THE HOUSE Appropriations Committee is to vote this week on President Carter's request for the money to pay for draft registration. It would be grotesque to kill the measure in committee on an appropriations question.

To vote funds for draft registration is not a decision to reinstitute the draft. Today's circumstances do not warrant the draft. Registration concedes only one point -- that there may be very different circumstances, somewhere in an uncertain future, in which a draft might become necessary. Not many Americans would deny that the possibility exists. If the Appropriations Committee agrees that it exists, then it can hardly reject this small measure of preparation.

The committee does not have the luxury of debating this point in a vacuum. Whether Mr. Carter should have requested draft registration is an interesting question for discussion. But that is not the question before the Appropriations Committee. The president has in fact made the request, and the committee cannot deny it to him without denying him much more. The president has asked for registration in response to the Soveit invasion of a neighboring country. It is the first time that the Soveit Army has gone in force beyond the perimeter that it established in the aftermath of World War II.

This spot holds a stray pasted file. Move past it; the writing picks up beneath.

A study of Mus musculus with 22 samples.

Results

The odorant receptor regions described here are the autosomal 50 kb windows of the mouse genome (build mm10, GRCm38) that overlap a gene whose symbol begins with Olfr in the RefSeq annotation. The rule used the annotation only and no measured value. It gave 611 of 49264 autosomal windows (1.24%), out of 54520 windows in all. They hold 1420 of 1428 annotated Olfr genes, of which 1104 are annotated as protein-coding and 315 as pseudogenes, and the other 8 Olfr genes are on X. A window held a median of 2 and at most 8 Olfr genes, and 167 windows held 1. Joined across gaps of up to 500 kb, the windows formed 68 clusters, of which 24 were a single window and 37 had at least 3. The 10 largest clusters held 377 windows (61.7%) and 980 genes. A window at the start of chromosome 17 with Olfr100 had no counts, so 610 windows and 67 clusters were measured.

If the committee votes down the registration money, it will be delivering the president a rebuff of enormous symbolic importance. It will be signaling to the world that while some response to the Soviets might be useful at some later moment, Congress sees no need to do anythng now that will create controversy in an election year. What does the Appropriations Committee think the Russian interpretation of that message might be? Or its effects on this county's allies?

The draft is a matter of intense and divided feeling among Americans. Fortunately, the committee is not being asked to proceed as far as voting on the draft itself. It is merely being asked to acknowledge that the world is a dangerous place for countries that grow careless of their interests abroad. The president has gone a little beyond words alone in his reaction to the latest use of Russian military power. He needs the support of Congress.